Cheating scandals rock high-stakes poker world
By Sean Chaﬃn
The summer brings plenty of news in the poker world with the World Series of Poker getting underway as well as numerous tournaments around Las Vegas. That includes some nice events geared toward women and some other major events in the works. Here’s a look at some poker headlines including some interesting cheating allegations.
Allegations of cheating among some of poker’s best-known players came to light in April. High- stakes player Alex Foxen accused Ali Imsirovic, one of the biggest winners in the game over the last few years, of cheating during the recent PokerGO Super High Roller Bowl main event in North Cyprus. Foxen posted screenshots on Twitter of where it appeared Imsirovic looked at an opponent’s cards, which would have helped him win the pot.
Video appeared to show Imsirovic looking down and to his left when his opponent’s cards were dealt. Whether he was looking at his opponent’s cards is diﬃcult to prove from the video. The accusations went even further, however. Foxen alleged more examples of cheating and unethical play against Imsirovic. That included getting banned from GGPoker for multi-accounting and using real-time assistance (RTA) software. RTA is software that assists a player in live hands as he plays and is banned by most online poker operators. Multi-accounting involves using multiple accounts on an online site, a violation of online poker operators’ terms of service.
“Ali is known as a cheater to almost all in the high roller community, however without much ironclad proof, most stay silent,” Foxen alleged on Twitter. “After watching this hand on the SHRB live stream, enough is enough.”
Imsirovic hasn’t commented on Foxen’s accusations, but even more cheating allegations followed. Poker pro Martin Zamani alleged all-time live poker winnings leader Bryn Kenney engaged in numerous acts of cheating over the last few years, including multi-accounting and even engaging in cult-like control of his staked players with seemingly bizarre scenarios. Kenney ran a stable of players, staking them in online tournaments. Zamani was one of those players and said on poker pro Doug Polk’s podcast that cheating was a major part of the stable of players.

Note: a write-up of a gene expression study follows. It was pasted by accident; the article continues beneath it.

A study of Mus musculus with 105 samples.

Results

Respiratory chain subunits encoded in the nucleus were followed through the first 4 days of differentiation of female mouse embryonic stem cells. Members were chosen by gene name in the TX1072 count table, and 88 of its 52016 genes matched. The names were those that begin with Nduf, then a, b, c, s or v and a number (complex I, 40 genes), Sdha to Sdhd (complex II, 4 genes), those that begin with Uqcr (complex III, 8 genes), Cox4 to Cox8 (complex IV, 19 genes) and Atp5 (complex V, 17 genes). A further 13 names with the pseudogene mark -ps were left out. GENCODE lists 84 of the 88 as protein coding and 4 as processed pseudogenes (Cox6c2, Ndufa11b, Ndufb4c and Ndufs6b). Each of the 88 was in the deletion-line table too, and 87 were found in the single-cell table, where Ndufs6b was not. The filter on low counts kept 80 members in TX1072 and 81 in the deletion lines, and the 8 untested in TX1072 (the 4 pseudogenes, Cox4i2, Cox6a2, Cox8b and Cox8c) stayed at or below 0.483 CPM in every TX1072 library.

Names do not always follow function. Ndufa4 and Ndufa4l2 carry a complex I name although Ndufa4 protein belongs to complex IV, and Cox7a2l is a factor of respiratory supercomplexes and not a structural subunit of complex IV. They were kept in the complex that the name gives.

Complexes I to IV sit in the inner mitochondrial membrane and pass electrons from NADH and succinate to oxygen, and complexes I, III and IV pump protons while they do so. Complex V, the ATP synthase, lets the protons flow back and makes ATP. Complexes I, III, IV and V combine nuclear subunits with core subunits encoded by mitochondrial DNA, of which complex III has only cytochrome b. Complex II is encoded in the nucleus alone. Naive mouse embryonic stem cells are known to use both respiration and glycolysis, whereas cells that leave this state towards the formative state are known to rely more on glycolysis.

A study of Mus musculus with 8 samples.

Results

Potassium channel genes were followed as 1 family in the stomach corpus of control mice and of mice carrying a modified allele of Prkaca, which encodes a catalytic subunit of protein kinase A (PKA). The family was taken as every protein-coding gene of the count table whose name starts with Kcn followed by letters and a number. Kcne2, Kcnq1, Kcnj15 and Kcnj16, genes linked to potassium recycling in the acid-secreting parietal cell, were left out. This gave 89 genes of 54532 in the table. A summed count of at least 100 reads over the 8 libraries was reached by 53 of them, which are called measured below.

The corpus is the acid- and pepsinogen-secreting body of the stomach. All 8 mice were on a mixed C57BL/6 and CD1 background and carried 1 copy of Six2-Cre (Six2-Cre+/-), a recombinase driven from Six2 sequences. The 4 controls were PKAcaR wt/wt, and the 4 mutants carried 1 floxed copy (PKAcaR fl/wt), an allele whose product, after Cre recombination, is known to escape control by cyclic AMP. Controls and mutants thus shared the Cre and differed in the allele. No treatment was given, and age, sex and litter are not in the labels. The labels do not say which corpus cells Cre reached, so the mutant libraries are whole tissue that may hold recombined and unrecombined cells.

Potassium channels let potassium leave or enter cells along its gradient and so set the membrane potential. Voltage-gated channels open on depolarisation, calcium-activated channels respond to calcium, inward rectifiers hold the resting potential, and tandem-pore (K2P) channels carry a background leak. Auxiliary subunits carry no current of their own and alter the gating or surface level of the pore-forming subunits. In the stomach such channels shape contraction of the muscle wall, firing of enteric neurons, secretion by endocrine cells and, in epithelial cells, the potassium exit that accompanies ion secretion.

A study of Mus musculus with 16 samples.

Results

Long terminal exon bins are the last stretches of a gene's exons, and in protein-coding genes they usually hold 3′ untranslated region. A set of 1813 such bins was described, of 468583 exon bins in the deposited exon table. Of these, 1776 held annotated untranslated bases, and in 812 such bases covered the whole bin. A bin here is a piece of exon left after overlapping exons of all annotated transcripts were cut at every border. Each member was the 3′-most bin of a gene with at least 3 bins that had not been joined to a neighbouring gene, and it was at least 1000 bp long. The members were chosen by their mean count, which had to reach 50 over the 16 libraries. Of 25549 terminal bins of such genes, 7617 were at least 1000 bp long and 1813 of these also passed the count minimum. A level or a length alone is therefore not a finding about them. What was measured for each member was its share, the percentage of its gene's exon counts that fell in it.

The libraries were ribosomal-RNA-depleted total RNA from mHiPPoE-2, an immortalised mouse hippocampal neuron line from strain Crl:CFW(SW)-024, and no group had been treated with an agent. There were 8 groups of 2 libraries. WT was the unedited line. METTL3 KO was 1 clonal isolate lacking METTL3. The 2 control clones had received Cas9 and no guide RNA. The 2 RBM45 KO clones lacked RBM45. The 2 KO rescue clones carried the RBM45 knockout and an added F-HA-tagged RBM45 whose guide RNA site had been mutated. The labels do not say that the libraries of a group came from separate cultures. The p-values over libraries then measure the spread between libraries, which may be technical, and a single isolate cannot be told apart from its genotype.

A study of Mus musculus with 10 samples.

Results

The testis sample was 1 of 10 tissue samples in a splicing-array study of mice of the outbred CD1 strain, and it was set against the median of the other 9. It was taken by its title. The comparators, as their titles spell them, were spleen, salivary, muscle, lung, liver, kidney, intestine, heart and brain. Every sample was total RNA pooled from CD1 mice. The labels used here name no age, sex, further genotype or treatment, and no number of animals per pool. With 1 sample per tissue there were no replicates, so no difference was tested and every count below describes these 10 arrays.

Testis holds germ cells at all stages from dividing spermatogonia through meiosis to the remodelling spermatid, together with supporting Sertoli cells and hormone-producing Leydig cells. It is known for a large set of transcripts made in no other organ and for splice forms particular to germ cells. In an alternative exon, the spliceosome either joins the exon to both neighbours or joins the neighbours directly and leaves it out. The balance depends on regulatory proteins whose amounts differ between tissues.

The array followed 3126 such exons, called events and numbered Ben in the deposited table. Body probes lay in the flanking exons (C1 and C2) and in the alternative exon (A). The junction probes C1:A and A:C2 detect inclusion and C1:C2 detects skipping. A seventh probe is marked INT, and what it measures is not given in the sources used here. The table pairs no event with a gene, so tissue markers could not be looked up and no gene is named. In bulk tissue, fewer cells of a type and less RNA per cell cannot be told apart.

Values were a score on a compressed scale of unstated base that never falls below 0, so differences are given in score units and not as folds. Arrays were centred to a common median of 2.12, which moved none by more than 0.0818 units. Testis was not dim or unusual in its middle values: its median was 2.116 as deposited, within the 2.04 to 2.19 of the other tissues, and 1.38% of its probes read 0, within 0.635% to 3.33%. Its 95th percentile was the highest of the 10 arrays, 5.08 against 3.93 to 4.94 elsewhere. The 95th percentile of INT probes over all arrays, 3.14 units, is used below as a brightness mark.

“Brynn knew he was cheating,” Zamani noted on the show. “It wasn’t like it was a secret.” According to Zamani, that also included ghosting, in which another player besides the registered user helps and directs another player how to play during a tournament, a terms of service violation.
He also alleged Kenney and his accomplices played on other players’ accounts and colluded in tournaments.
“The idea is to always do what’s best for the team,” Zamani recalled on the podcast.
Beyond those allegations, Zamani described some truly bizarre behavior expected of those in the group. He says Kenney sent players to a “shaman” to help players’ approach to poker and “get their energy right.” This involved visiting a woman in Las Vegas and being taken to her “ritual room.” The woman referred to herself as a “murderer” and a “warlord.” For Zamani, the shaman prescribed a cleanse called “the Kambo.” HealthLine.com describes the procedure as “a healing ritual used mainly in South America. It’s named after the poisonous secretions of the giant monkey frog. The frog secretes the substance as a defense mechanism to kill or subdue animals that try to eat it. Some humans, on the other hand, apply the substance to their body for its alleged health beneﬁts.”
The shaman wanted to drop a small amount of the grog secretion into a small wound on his body, Zamani says. He didn’t go through with it, but players who did became violently sick with diarrhea, vomiting and swollen faces. Zamani also alleges drugs were a big part of the group and players were encouraged to participate in drug use with Kenney or they could face discipline from the backer.
“‘Oh, don’t want to do mushrooms with Bryn?’ Dropped in stakes,” Zamani noted on Twitter. “‘Oh you don’t want to see my retard psychic?’ Dropped in stakes. “‘Oh I heard you’re not eating healthy and you eat grass-fed organic meat instead of vegetables from a shitty Mexico store? Heard you didn’t do yoga?’ Dropped.”
Zamani later released text messages allegedly with Kenney that appeared to at least back up some of his accusations. That included allusions to multi-accounting, ghosting and colluding. Kenney has denied all charges against him, including on Twitter and in a podcast interview with PokerNews.
“Dear all of my friends and fans, there have been accusations made about me, the most important to me is me being involved in any type of cheating,” he noted on April 24. “There is zero evidence of this and everyone who knows me knows it is not true.”
Sean Chaﬃn is a freelance writer and senior writer for Casino Player and Strictly Slots magazines. Follow him on Twitter @PokerTraditions or email him at seanchaﬃn@sbcglobal.net for story assignments.